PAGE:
The most advantageous aspect of interning at MCAD is how much interns are able to observe and become directly involved in the process. Throughout the course of our internships, we are scheduled to attend an investigative conference, a mediation conference, and an appeals hearing. These opportunities have allowed to me progress through my defined learning goals. Not only do I get a chance to read dozens of different cases, but I also get to see how different processes and steps work. During the mediation conference, I got to see a complainant and a respondent settle on a monetary amount after the complainant’s case was found by MCAD to have probable cause of discrimination. While I cannot go into great detail about the cases or the conferences, it has been great to get a chance to observe and ask the mediators and attorneys questions afterwards. Everyone is very willing to help and explain how the organization deals with differing situations. I am becoming more and more familiar with discrimination law, both on the state and federal level, just from my work with cases as I am usually the first person to see a case when it is sent to the housing department.
My goals for this internship included not only learning about discrimination law, but also figuring out if I am interested in pursuing a career in this area. I already know that I want to go to law school and that I am interested in civil rights, but I wanted to see if I liked both working in anti-discrimination law and working for the state. As far as working for the state, I have found it a bit difficult to deal with the bureaucracy in general but admire the work that is done. I am learning that working for the state means being connected to different state and federal organizations as well. For example, when MCAD takes a housing case, we also have to file with HUD (Department of Housing and Urban Development). This means entering the case both into our system and HUD’s system (TEAPOTS), then waiting for approval. As the case goes on, there are tons of different steps that have to be taken. This allows the case to be reviewed by different organizations such as HUD and the BFHC (Boston Fair Housing Commission).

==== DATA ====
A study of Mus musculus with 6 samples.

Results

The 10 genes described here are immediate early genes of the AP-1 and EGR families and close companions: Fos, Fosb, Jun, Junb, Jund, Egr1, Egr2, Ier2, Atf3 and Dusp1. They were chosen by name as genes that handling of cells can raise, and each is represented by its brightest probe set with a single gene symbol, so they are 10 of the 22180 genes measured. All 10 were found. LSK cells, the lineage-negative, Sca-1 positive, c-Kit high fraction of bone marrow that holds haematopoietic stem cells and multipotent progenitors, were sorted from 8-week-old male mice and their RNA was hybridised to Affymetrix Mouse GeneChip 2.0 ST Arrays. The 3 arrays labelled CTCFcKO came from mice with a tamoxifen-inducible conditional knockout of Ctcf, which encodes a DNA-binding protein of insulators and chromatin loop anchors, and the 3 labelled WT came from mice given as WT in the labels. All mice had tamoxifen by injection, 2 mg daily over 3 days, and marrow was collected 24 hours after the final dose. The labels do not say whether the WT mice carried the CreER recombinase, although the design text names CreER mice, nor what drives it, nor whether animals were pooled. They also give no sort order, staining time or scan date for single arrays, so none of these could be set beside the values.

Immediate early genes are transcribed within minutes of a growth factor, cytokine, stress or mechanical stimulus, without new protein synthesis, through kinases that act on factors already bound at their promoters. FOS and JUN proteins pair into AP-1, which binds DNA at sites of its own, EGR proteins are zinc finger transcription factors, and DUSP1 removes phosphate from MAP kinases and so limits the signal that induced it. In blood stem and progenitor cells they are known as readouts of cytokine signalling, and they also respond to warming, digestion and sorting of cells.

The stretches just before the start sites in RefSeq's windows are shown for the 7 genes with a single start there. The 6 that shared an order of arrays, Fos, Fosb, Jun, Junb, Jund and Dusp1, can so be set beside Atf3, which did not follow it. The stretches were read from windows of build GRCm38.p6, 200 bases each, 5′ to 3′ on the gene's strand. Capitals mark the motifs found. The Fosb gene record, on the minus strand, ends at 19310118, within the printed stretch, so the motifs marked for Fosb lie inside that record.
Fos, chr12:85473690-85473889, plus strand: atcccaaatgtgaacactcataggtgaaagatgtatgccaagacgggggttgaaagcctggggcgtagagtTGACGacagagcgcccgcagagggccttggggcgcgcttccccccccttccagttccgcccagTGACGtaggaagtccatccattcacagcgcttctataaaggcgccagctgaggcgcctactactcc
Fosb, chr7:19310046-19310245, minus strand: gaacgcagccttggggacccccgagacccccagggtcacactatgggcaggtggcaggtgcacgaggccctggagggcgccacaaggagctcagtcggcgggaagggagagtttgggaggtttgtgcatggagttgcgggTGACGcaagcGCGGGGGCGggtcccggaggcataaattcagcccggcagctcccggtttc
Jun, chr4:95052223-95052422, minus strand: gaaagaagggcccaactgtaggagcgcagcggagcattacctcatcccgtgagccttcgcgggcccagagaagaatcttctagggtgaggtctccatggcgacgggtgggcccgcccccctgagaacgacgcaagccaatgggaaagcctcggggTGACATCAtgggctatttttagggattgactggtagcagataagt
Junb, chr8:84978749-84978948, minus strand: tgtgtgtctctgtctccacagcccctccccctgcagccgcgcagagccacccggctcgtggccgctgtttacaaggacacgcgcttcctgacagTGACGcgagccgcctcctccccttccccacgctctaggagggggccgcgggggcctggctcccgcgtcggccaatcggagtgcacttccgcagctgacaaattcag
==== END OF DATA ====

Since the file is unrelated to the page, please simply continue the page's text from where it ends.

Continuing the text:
As far as working with anti-discrimination law, it still may be something I am interested in pursuing, but not at the state level. Cases tend to take an extremely long time just to be investigated because of how many cases each investigator is assigned to. I also want to be able to do other types of law and litigation along with anti-discrimination law.
Despite some reservations, I still find the internship to be enjoyable. Because there are so many interns, I have gotten a chance to become very close with some of them and we have lunch and go out all the time. I also feel that because I am in the housing department which is smaller, I have had to work harder to adjust and learn how to do things. This was difficult at first, but now I see it as a new skill (thinking on my feet) that I have had to develop as a result. This is something I believe will help me greatly in future internships and jobs. I also am honing skills in my attention to detail. At MCAD, it is crucial that everything be entered correctly. Even in intake, if we do something wrong when writing the complaint, often we cannot just change it but have to go through an amendment process because we are working with legal documents. This has taught me to be extremely cautious with my work, especially when people’s cases can be effected by the complaint I write for them.
Finally, I am most proud of the work I have been able to do on intake. As I mentioned in my first post, I am on intake for one full day a week and have to see clients and write complaints for them. First, the attorneys who review the complaints I write give me great feedback and have told me that my complaints are very well written. Also, I am especially proud of one of the complaints I wrote. The complaint went to the housing department so I got to enter it in and one of the best investigators took the case. She has scheduled an investigative conference in August so that I will be able to attend. I think the case is very strong for the complainant and I am looking forward to seeing how it turns out.